The Early Experience of a Hospital-Based Pay-for-Performance Program, Karen M. Sautter, Barbara G. Bokhour, Bert White, Gary J. Young, James F. Burgess, Jr., Dan Berlowitz, and John R. C. Wheeler
This study evaluated the effect of a health-plan-sponsored, hospital-based financial incentive program to improve quality, focused on heart failure quality indicators. We conducted separate, hour-long, semistructured group interviews with senior managers and cardiologists at ten hospitals involved in the Participating Hospital Agreement (PHA) program implemented by Blue Cross Blue Shield of Michigan (BCBSM). Under PHA, hospitals are eligible for an annual incentive payment of up to 4 percent of BCBSM's diagnosis-related-group–based inpatient claims depending on their performance in patient safety, community outreach, and selected quality indicators.
Interviews focused on knowledge, perceptions, and impact of pay-for-performance (P4P) strategies. We compared BCBSM-provided data on heart failure quality indicators between 2002 and 2004 with our qualitative findings. Our analyses suggest that pursuit of incentive-based quality targets may be largely dependent on the context of a particular hospital. In settings where performance did not change, incentives did not appear to drive organizational or individual practice change. Underperforming hospitals with some of the infrastructure necessary for quality improvement had the greatest success when presented with incentives. We concluded that one formula for a successful P4P program is to direct incentive payment to an organized entity capable of supporting process improvement by applying resources and organizational expertise. In this model, the incentive program supports the organization, and the organization in turn may apply resources to facilitate improvement in clinician performance. Consideration of the requirements of organizations to facilitate improvement in relation to existing quality improvement infrastructure may lead to the future success of hospital-based P4P programs.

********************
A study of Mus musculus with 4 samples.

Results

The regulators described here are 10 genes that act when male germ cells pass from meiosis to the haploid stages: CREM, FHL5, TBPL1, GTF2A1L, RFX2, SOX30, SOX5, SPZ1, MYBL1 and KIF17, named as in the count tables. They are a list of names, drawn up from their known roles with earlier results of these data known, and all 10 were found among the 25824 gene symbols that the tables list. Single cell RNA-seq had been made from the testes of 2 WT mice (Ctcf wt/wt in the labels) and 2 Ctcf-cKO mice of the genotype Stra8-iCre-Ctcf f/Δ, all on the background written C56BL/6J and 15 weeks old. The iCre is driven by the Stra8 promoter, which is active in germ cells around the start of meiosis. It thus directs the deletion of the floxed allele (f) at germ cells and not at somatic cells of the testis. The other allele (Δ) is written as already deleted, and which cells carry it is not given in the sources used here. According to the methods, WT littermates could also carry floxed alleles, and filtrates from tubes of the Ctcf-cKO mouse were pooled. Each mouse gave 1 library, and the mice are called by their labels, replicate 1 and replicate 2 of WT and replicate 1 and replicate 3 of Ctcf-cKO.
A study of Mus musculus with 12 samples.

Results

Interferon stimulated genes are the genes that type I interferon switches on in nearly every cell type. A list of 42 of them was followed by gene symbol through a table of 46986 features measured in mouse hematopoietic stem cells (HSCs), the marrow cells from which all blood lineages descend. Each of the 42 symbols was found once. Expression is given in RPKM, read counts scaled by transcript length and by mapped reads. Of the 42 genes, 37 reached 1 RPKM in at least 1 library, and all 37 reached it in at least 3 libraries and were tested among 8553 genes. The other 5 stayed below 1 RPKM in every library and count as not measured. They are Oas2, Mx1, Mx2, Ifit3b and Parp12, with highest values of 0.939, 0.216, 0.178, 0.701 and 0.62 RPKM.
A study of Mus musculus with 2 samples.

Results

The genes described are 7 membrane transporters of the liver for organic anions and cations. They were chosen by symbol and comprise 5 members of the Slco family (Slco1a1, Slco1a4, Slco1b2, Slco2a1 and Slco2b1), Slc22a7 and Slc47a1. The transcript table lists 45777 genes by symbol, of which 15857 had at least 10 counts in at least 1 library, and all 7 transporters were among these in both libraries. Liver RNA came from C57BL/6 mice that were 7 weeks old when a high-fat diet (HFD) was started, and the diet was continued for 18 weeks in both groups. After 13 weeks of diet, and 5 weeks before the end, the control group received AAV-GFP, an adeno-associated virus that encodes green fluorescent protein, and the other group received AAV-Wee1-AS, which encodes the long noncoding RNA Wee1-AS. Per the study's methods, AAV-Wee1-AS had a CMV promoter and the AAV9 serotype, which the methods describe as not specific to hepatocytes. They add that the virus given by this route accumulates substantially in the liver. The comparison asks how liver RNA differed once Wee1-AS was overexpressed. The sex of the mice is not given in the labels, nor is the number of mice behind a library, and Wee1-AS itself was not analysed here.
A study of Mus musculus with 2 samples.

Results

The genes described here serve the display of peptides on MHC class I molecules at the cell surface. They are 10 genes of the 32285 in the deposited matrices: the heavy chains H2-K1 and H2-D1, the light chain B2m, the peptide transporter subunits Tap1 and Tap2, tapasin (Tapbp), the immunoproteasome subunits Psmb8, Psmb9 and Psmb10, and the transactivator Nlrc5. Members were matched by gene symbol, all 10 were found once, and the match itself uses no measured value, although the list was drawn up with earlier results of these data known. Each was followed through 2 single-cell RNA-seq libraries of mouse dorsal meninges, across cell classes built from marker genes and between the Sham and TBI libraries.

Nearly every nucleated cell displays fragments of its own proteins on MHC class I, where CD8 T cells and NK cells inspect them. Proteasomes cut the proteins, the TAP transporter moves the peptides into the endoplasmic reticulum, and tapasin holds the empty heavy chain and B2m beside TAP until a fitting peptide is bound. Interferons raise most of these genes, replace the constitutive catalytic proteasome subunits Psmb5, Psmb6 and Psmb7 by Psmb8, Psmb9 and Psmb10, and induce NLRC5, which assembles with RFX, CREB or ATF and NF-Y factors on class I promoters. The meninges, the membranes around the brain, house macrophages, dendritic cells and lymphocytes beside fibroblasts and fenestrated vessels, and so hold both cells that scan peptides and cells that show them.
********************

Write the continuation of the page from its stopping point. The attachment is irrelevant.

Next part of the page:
Links Among High-Performance Work Environment, Service Quality, and Customer Satisfaction: An Extension to the Healthcare Sector, Dennis J. Scotti, Joel Harmon, and Scott J. Behson
Healthcare managers must deliver high-quality patient services that generate highly satisfied and loyal customers. In this article, we examine how a high-involvement approach to the work environment of healthcare employees may lead to exceptional service quality, satisfied patients, and ultimately to loyal customers. Specifically, we investigate the chain of events through which high-performance work systems (HPWS) and customer orientation influence employee and customer perceptions of service quality and patient satisfaction in a national sample of 113 Veterans Health Administration (VHA) ambulatory care centers. We present a conceptual model for linking work environment to customer satisfaction and test this model using structural equations modeling (SEM). The results suggest that (1) HPWS is linked to employee perceptions of their ability to deliver high-quality customer service, both directly and through their perceptions of customer orientation; (2) employee perceptions of customer service are linked to customer perceptions of high-quality service; and (3).perceived service quality is linked with customer satisfaction.
Theoretical and practical implications of our findings, including suggestions of how healthcare managers can implement changes to their work environments, are discussed.